CHICOMUSELO, Mexico (AP) _ Six people, including a police chief and his deputy, were killed Tuesday after some 300 peasants stormed the town hall in this remote Chiapas village, police said.

Police chief Hernan Sepulveda Fernandez was shot three times in the back, while deputy Moises Ramirez Ramos was hacked to death by machete-wielding protesters after both were taken hostage before dawn.

During a day marked alternately by confrontations and attempts at negotiations, four others, including two peasant protesters and a bystander, also were killed, said police spokesman Pedro Cordoba Escobar.

Hundreds of farmworkers also blocked a highway near here to demand that Mexico's government recognize Amado Avendano, a failed opposition candidate for Chiapas governor.

Avendano claims he was cheated out of an Aug. 21 election victory through vote fraud.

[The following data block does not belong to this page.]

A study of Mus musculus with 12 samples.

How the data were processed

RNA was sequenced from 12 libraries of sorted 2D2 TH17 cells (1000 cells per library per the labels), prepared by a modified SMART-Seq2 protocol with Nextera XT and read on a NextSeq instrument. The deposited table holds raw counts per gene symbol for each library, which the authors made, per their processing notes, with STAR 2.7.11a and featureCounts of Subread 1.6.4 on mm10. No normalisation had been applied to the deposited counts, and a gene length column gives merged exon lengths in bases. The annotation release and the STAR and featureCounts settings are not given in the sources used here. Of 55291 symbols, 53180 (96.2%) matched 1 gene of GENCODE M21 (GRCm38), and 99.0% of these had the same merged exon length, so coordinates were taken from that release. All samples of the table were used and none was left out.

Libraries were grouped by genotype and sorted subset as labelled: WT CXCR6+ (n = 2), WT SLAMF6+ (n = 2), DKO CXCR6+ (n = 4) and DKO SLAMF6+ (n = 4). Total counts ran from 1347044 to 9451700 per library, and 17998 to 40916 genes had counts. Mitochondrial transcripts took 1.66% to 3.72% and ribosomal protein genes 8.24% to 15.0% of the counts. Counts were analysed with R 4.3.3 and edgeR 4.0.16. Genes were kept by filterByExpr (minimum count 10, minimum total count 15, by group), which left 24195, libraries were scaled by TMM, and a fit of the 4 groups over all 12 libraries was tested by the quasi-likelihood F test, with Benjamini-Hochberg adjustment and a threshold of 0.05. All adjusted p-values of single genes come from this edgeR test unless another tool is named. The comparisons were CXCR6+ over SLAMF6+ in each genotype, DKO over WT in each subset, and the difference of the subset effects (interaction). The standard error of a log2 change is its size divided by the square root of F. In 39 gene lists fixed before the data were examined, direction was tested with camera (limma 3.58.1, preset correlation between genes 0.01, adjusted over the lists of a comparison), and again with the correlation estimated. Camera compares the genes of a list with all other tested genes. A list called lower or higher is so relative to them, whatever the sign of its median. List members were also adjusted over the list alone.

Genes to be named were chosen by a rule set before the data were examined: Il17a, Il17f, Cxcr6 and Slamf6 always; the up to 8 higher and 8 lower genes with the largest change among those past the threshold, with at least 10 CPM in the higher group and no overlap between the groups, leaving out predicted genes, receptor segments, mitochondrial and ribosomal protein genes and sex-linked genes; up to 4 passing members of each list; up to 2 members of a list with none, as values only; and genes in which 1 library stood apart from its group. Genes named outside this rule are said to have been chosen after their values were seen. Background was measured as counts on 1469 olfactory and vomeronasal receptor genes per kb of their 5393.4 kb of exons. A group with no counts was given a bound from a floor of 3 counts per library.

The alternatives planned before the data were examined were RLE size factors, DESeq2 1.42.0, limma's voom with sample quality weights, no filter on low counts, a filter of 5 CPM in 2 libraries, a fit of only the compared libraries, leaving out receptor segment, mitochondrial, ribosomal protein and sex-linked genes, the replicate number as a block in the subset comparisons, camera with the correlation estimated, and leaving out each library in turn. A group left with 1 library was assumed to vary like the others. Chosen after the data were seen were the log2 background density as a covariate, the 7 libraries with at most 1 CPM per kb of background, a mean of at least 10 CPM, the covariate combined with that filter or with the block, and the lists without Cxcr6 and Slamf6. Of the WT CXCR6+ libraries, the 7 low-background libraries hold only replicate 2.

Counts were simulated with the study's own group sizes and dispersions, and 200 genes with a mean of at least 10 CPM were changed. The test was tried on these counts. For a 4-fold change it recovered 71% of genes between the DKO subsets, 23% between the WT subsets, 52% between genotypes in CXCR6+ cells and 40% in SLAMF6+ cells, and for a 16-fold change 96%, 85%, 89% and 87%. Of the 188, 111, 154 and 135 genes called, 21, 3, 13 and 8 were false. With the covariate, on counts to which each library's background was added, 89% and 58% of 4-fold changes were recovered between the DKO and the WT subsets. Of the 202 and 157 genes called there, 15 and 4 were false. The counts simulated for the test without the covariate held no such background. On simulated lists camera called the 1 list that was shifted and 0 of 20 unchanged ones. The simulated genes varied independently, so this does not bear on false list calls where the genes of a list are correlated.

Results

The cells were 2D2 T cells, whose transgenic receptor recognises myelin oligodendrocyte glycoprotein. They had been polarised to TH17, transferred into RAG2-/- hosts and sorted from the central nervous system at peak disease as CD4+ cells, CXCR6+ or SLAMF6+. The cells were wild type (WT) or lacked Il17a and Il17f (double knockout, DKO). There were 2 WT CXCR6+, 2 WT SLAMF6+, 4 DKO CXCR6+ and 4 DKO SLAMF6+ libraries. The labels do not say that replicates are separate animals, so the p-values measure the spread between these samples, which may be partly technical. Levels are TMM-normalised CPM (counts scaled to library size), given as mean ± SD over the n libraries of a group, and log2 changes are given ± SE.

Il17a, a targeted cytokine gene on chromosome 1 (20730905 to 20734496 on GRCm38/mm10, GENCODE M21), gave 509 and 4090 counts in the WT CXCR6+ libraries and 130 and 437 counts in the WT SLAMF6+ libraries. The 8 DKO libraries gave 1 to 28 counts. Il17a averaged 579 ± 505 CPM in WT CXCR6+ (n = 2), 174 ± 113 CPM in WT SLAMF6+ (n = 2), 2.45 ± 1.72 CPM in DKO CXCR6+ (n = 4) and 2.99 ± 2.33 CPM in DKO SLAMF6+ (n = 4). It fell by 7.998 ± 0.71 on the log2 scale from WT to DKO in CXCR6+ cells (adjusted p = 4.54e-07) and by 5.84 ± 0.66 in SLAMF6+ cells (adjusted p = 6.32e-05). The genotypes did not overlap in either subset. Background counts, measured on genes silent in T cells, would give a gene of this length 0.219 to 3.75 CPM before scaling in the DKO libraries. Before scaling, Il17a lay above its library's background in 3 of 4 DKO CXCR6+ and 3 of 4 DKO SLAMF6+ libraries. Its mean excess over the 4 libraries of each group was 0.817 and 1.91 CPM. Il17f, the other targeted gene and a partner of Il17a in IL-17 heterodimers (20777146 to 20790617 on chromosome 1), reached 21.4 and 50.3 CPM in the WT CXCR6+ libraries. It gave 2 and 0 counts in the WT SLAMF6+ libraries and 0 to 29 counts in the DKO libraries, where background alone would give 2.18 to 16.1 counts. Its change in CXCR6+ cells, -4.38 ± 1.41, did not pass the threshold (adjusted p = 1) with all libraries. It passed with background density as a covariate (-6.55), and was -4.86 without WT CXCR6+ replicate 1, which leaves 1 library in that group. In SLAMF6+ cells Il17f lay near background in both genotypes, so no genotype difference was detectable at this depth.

The separate protests marked a resurgence of tension in Chiapas, where a year-old rebellion by the Zapatista National Liberation Army still smolders despite recent peace overtures.

The Indian demonstrators, armed with machetes and sticks, barricaded a highway 20 miles southeast of San Cristobal de las Casas on a major route to the southern Chiapas city of Comitan.

Opposition activist Cesar Espinosa said police provoked the violence in Chicomuselo.

``The town hall takeover was to have been peaceful. But the police had already been alerted and fired on the demonstrators,'' Espinosa told reporters.

Espinosa said the dead and wounded were still inside the town hall. Earlier reports said six other policemen were being held hostage, but there was no confirmation or news on their condition.

About 130 police were posted outside the town hall late Tuesday. Espinosa said peasants were worried that armed cattle ranchers might intervene.

Ranchers in the region have armed themselves with automatic rifles to oppose a series of land takeovers by peasants emboldened by the guerrilla uprising.

Occasional deaths have been reported in confrontations between landowners and peasants over the past months.